Ten years since historic debt cancellation agreement, new crises threaten Africa

Lending levels to the most impoverished countries in the world have tripled, ten years after the G7 finance ministers agreed a debt cancellation deal for low income countries, potentially setting a new debt trap for the countries that benefited from the deal.

The debt cancellation agreement made in London in 2005 by the G7 Finance Ministers has led to $130 billion of debt being cancelled for 36 countries, most recently Chad in May 2015. This has reduced the money governments were spending on debt payments, and has helped lead to improvements in public services.

Daleks from the World Development Movement say 'Exterminate the debt' outside the G7 finance ministers meeting / Global Justice Now
Daleks from the World Development Movement say ‘Exterminate the debt’ outside the G7 finance ministers meeting in 2005 / Global Justice Now

Tim Jones, economist at the Jubilee Debt Campaign, said:

“Debt cancellation was vital in 2005 for countries to get out of the debt trap, and help provide essential services such as healthcare and education. However, nothing was done to prevent reckless lending re-creating debt crises, as is now seen in Europe. Governments continue to bailout lenders, incentivising them to continue acting recklessly, whilst giving large amounts of their ‘aid’ money as loans.”

Since 2005, for the 36 countries which had some of their debts cancelled:
• Their debt payments have fallen from 10% of government revenue to 4%
• The proportion of children completing primary school has increased from 51% to 66%
• The number of women dying in childbirth has fallen from 680 per 100,000 births to 500

However, figures calculated by the Jubilee Debt Campaign, based on data from the World Bank, show that loans to impoverished country governments have increased by 40% in just one year, and have more than tripled since 2005.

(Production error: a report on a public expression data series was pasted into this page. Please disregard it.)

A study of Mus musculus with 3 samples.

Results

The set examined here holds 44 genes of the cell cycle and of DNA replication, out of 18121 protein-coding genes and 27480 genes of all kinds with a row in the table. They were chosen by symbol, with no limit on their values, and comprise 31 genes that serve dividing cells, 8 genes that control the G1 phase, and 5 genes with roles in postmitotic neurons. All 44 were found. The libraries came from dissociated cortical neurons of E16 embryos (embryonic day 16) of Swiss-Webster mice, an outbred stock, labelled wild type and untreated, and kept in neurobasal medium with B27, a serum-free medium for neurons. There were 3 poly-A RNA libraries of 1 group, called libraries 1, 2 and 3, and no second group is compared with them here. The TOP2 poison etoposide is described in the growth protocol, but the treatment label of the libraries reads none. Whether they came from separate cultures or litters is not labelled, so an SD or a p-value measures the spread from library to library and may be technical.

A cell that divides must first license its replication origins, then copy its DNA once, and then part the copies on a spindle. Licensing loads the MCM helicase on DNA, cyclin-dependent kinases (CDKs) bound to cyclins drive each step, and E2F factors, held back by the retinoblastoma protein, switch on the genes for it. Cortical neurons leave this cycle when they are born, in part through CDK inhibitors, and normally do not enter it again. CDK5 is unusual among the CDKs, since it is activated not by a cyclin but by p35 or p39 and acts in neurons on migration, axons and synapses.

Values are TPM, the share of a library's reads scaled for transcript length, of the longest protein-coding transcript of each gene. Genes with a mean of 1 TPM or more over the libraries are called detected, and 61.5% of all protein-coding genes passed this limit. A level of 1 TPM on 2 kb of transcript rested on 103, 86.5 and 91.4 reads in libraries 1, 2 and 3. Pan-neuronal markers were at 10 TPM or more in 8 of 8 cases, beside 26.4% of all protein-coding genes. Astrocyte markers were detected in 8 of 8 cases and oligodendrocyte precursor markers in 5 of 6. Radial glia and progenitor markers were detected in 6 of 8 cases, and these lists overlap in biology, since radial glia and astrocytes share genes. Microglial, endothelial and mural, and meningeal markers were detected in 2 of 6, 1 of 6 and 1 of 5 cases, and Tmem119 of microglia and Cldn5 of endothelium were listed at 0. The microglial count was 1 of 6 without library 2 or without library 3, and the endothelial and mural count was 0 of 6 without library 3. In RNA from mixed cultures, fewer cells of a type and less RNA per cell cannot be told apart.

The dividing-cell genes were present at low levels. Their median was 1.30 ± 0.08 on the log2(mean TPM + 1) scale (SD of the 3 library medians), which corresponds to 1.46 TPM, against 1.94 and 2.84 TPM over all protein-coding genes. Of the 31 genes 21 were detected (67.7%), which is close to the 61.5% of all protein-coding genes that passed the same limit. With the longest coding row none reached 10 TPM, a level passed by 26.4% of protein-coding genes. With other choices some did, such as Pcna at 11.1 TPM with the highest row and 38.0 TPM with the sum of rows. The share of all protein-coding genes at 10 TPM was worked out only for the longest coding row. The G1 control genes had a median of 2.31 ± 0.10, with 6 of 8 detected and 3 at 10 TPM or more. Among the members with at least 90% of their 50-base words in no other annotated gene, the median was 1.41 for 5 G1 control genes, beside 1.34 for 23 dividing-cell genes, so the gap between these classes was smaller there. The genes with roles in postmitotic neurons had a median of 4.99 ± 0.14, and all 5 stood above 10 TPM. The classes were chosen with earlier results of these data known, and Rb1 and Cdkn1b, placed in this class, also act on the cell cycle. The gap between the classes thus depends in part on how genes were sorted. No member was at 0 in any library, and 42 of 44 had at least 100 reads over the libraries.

Lending to ‘low income countries’ increased to $17.3 billion in 2013, the latest year with figures available, up from $12.2 billion in 2012 and $5.1 billion in 2005. Of the loans since the global financial crisis began in 2008, 63% are from multilateral institutions, primarily the World Bank and International Monetary Fund, 27% from governments such as China, Japan, France and Germany, and 10% from private lenders.

Research by the Jubilee Debt Campaign, based on IMF and World Bank figures, has shown that debt payments for low income countries are set to increase from 4% of government revenue today to up-to 13% by the early 2020s. Many countries could see debt payments increase by even more, with Ethiopia, Ghana, Rwanda, Senegal, Tanzania, Uganda and Zambia all among the countries which could be spending over 20% of government revenue on foreign debt payments by the early 2020s.

In September 2014, the United Nations passed a resolution to begin negotiations on creating a ‘bankruptcy’ process for governments. Such a mechanism would indicate that reckless lenders would no longer be bailed out by the IMF and other public institutions, as has happened in many developing countries as well as Greece. Just 11 countries voted against the UN negotiations taking place, but this included the UK, US, Germany and Japan. The next negotiating session at the UN will take place on 30 June to 2 July 2015.

On 11 June 2005, the G7 Finance Ministers meeting in London agreed to cancel the debts of so called Heavily Indebted Poor Countries owed to the IMF, World Bank and African Development Bank. The 36 countries which have had debts cancelled under the scheme are Afghanistan, Benin, Bolivia, Burkina Faso, Burundi, Cameroon, Central African Republic, Chad, Comoros, Republic of Congo, Democratic Republic of Congo, Cote d’Ivoire, Ethiopia, the Gambia, Ghana, Guinea, Guinea Bissau, Guyana, Haiti, Honduras, Liberia, Madagascar, Malawi, Mali, Mauritania, Mozambique, Nicaragua, Niger, Rwanda, Sao Tome and Principe, Senegal, Sierra Leone, Tanzania, Togo, Uganda, Zambia.